The COVID-19 crisis has disrupted lifestyles of people from all walks of life while the global economy has been left on a ventilator. With all of this – an inequality virus has manifested and created a livelihood crisis like never before. However – mankind will soon defeat the COVID-19 pandemic but another planetary issue is adding fuel to fire. Accelerated climate change is causing disruption of unprecedented scale and nature. The livelihood crisis is here to stay and we must formulate a comprehensive plan to tackle the perils of climate change now.
Recently, Oxfam international released a damning report on the alarming inequality virus. Globally, billionaires have now more wealth than the 4.6 billion people who make up to 60% of world’s population while shockingly, more than 735 million people are still living under extreme poverty. There is no doubt that the growing gap between rich and poor is undermining the battle against extreme poverty, damaging our fragile economies and tearing our communities apart. With the climate crisis gaining more momentum which is effecting our economies adversely in light of COVID-19 pandemic livelihood crisis will only become more destructive than ever before. In Pakistan – where political instability is exacerbating our already deteriorating economy – the livelihood crisis is giving life to extreme inflation. In today’s Pakistan – most people have lost the ability to have even two meals a day. We have had no shortage of crisis; wheat, sugar and oil. Now as climate change disrupts our agriculture sector through floods, droughts and extreme weather conditions many climate experts now argue that formulating disaster risk management is key before it is too late.
Instead of investing into tackling the livelihood crisis created by climate change – the federal government has injected 98% of the climate change budget to the politicized billion tree tsunami project. We must also realise that accelerated climate change exacerbates other key focal areas such as food insecurity, livelihood crisis, and water woes.
Pakistan’s looming water crisis which again is heavily inter-linked with climate change will make the whole country water-scarce if we do not take action. Our glaciers are melting, deltas are disappearing, rivers are contaminated while ground water availability is shrinking as well. With no water – the livelihood crisis will inevitably worsen. Pakistan’s per capita water availability has come down from 5060 cubic meters per annum in 1951 to 908 cubic meters now. Climate stress is now adding fuel to fire.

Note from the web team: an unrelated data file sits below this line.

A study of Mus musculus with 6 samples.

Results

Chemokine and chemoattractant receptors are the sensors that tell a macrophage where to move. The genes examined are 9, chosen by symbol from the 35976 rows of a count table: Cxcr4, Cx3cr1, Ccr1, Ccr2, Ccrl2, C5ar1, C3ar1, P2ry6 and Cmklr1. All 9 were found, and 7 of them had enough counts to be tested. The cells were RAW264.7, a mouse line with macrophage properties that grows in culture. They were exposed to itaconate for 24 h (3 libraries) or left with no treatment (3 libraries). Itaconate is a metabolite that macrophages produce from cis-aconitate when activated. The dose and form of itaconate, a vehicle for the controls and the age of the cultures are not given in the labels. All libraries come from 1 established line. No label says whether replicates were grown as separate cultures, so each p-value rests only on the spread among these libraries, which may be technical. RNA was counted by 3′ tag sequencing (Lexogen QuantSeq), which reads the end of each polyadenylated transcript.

In a country where our economy is already in a shambles and on the path of further deterioration, accelerated climate change could lead to record-breaking losses for our economy. It is crucial to highlight that the floods of 2010 cost the economy a staggering $16 billion and all of this is expected to worsen. But unfortunately, nowhere have we seen policy makers and the federal government working to prevent horrendous implications. It is important to point out that our country runs on an agrarian economy. In the 1960s, agriculture sector was responsible for 53% of the total GDP. By 1980 to 1981, this number had dropped to 31%. But alarmingly in recent years, it has fallen even further to shocking 21.4%. The harsh climatic conditions from Sindh to K-P are already a story of despair. With the downward economic trajectory, climate change will make life more miserable for every citizen of Pakistan.
No country can solve a planetary crisis on its own. Pakistan must start climate diplomacy in South Asia to fight the rising livelihood crisis which is once again a regional problem. Last year, the city of Karachi faced torrential rains, resulting in flashfloods at every corner of the city where the poor and vulnerable suffered the most. The same story was also visible in Bangladesh. Last year, about a third of Bangladesh was inundated by floods, with at least 161 people killed and an estimated 1.5 million displaced. Climate change could push more than 100 million additional people into poverty by 2030 in South Asia. The region is home to 22% of the world’s population and has only 1.3% of global income and houses 60% of the poor.
Let’s not also forget how the locust invasion of last year had also a deep affiliation with global warming and accelerated climate change. Warming seas that feed cyclones have also bred record-breaking swarms of desert locusts in Africa and Asia. Such plagues could grow bigger and more widespread with climate change in full action.
Ecological disruption disproportionately affects those who suffer from socioeconomic inequalities in our world today. The COVID-19 crisis came at a time when global food security was already strained. Food systems are a driver of the climate change crisis. Livelihood crisis will give birth to political instability which would shake entire government institutions when uncertainty is already looming large. We must understand that tackling climate change is the urgent need of the hour because it effects literally everything around us.